Commercial brick-and-mortar real estate may have had a bad pandemic year (or two) with lockdowns and consumers hunkering down around the globe. But now that so many people are coming out for quarantine, the demand for travel, in-person shopping and the chance to explore the world IRL has never been stronger.
Retailers and brands are left competing — and often paying a premium — for commercial real estate in all the big markets, and in some small markets, too.
“It’s supply and demand. There’s no question that brands are very much in need of continued acceleration in the brick-and-mortar channel to help them create that omnichannel strategy,” Amish Tolia, cofounder and co-chief executive officer of Leap, told WWD. His firm supports e-commerce brands as they make the leap from digital to physical storefronts. “Whether you’re in big cities, smaller cities, street-format, mall format, there’s a lot of excitement for building and scaling the brick-and-mortar presence across the board.”
That includes all the major retail shopping markets where space remains challenged, such as New York, South Florida, Los Angeles and Chicago’s South Loop.
Some brands are doubling down on their omnichannel strategy by expanding their fleets. Eyewear brand Warby Parker plans to expand its store count with roughly two dozen new stores by the end of the fiscal year, despite massive losses in the most recent quarter.
“The biggest barriers to purchase from Warby Parker include not having a store nearby,” Neil Blumenthal, Warby cofounder and co-CEO, told analysts in August.
New markets are also emerging. Luxury players are moving to Williamsburg, Brooklyn, including Hermes. Gucci recently set up shop in Detroit. Sea Bags, a sailboat bag and accessories brand, has also opened stores in Michigan in the last year.
“The beauty is that not every brand has to be in SoHo,” Tolia said. “There’s plenty more opportunity out there where brands don’t necessarily have to compete with three or four other retailers for a particular space. That’s what we’re beginning to see, some brands beginning to think a little bit more holistically and creatively about other markets and other locations where they can actually drive penetration and take share.”
Some of those emerging markets may include places like Dallas, Houston and Austin, Texas, as well as Arizona. Warm locations that saw a spike in migration during the pandemic. Lafayette 148, for example, recently opened its 27th freestanding store, a 1,454-square-foot boutique in Houston, surrounded by the likes of Celine, Chanel and Tom Ford.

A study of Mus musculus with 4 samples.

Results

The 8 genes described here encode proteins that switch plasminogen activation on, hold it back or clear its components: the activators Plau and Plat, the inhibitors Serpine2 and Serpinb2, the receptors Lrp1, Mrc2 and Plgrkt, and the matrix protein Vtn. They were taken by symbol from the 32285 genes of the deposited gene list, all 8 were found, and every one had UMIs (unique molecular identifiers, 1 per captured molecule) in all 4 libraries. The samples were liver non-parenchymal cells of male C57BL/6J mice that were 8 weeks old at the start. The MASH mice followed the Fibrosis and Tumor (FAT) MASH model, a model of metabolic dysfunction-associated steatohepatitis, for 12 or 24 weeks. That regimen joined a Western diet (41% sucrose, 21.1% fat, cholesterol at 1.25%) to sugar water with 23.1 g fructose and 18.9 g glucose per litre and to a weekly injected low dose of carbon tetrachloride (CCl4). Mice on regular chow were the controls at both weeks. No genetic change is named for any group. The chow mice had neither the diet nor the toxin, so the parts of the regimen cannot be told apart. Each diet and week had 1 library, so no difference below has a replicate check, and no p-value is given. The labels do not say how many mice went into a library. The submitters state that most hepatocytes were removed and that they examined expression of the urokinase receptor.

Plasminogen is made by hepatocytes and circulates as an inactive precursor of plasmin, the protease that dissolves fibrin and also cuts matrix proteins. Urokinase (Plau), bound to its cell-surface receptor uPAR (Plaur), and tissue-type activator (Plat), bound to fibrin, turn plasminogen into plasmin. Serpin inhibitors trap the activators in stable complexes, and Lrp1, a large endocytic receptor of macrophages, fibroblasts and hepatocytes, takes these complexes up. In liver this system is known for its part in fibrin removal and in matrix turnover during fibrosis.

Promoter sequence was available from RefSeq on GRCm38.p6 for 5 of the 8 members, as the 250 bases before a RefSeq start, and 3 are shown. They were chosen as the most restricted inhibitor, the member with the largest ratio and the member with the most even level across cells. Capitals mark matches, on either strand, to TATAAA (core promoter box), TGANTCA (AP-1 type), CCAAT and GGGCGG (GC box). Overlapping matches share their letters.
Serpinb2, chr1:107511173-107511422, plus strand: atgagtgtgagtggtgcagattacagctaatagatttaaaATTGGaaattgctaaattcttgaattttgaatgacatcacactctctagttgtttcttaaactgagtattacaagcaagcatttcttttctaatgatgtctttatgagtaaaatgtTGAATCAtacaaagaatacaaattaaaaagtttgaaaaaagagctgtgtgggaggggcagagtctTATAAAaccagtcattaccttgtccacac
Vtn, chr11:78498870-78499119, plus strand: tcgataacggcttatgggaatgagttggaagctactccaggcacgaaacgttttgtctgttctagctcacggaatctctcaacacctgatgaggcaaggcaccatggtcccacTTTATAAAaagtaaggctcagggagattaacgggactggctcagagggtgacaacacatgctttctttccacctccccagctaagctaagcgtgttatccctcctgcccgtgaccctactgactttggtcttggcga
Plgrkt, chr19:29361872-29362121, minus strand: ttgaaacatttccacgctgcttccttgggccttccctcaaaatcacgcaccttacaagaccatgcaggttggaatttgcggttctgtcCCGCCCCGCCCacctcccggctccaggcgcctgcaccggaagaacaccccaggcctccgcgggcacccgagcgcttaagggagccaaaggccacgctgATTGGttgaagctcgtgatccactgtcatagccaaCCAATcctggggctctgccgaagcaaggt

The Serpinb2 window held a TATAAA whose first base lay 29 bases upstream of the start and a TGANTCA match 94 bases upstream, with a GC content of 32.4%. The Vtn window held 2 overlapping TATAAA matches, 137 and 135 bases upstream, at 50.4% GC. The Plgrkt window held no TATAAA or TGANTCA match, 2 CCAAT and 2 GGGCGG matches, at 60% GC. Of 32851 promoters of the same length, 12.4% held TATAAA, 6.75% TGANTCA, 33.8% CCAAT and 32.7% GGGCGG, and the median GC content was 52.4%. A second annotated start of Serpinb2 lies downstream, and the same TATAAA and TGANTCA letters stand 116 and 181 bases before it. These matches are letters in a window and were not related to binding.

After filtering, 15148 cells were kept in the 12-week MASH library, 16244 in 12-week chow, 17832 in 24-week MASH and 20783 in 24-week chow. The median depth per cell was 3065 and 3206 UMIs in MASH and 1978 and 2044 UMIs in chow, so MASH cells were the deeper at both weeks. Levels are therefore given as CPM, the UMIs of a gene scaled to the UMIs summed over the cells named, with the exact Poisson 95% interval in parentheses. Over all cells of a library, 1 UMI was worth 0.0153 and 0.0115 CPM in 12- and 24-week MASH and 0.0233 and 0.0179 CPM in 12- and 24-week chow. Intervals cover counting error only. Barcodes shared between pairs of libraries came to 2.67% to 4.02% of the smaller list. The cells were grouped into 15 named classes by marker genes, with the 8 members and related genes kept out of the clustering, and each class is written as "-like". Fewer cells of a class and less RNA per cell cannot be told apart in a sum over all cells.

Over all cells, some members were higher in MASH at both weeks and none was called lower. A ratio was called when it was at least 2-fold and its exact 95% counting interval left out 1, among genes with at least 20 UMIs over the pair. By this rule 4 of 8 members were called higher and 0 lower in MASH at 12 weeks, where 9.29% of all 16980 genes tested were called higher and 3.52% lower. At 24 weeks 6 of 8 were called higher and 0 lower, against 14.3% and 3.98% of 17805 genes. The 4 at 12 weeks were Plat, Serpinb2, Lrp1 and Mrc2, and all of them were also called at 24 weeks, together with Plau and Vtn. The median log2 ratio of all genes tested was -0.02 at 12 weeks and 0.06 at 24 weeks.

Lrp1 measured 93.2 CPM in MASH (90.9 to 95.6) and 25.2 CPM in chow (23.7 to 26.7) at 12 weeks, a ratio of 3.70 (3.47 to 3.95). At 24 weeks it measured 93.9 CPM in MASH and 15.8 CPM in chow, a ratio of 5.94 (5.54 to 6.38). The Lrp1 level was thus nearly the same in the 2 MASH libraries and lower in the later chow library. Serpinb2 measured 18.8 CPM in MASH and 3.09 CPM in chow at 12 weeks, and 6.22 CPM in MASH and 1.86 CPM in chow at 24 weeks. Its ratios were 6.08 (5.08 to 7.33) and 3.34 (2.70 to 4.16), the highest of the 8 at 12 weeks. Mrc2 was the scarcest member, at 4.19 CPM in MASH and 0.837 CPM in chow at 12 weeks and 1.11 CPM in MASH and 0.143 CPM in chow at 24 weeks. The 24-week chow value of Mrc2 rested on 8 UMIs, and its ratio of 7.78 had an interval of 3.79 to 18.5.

“You’re also going to see more of that in places like Greenwich, Connecticut, or some parts of Long Island, or parts of Michigan, or parts of Columbus, Ohio,” Tolia said. “You’re going to see brands exploring those areas — areas that are not the tier-one markets. [But] they have population sizes of some 5 million folks and are residential in nature.”
He explained that the customer profile in those markets is ripe for growth: high household incomes in residential areas. The suburban settings mean there are likely fewer distractions and more reasons to shop.
“It would be an exploratory thing for a brand [to set up shop in one of those locations], but they can take share and build their penetration in that market with a very strong consumer,” Tolia said.
Retailers and landlords may be betting big on these physical spaces. But many wonder if the momentum will last. The housing and rental markets are starting to show signs of softening in August, thanks in part to the Fed’s continued interest rate hikes. Inflation, meanwhile, remains at a four-decade high, which means many consumers are tightening their budgets and eliminating discretionary items — and retailers are feeling the pinch. And if consumers are spending less on fashion products for the foreseeable future, there may be less need for stores in the months and years ahead.
So far though, Tolia said his firm has not seen much of a slowdown.
“If the pandemic taught us one thing, it’s that we’re human beings; we want to be outdoors. We want to be socializing in person with people, whether that’s through live events, concerts or doing commerce, doing business in person,” he explained. “Consumers are going to continue to shop both online and offline. But e-commerce has to work in concert with [brick-and-mortar] retail for a brand to be able to win out over the long term.
“This notion of a retail apocalypse is a little bit misleading, because the power of retail has never left; it’s always been there,” Tolia continued. “We kind of think about it as the rebirth of retail — how consumer brands are readdressing the retail channel to meet their consumers where they are. The way we think about this next iteration of the retail brick-and-mortar ecosystem is from a perspective of being a bit more asset light, not having to sign long-term leases, not having to stock stores with tens of thousands of units, more inventory light [and] doing design and building programs that are significantly less capex. As long as those component parts can exist, the idea of being on a street location in New York City or being in a mall location is still very viable and exciting for retailers across the board.”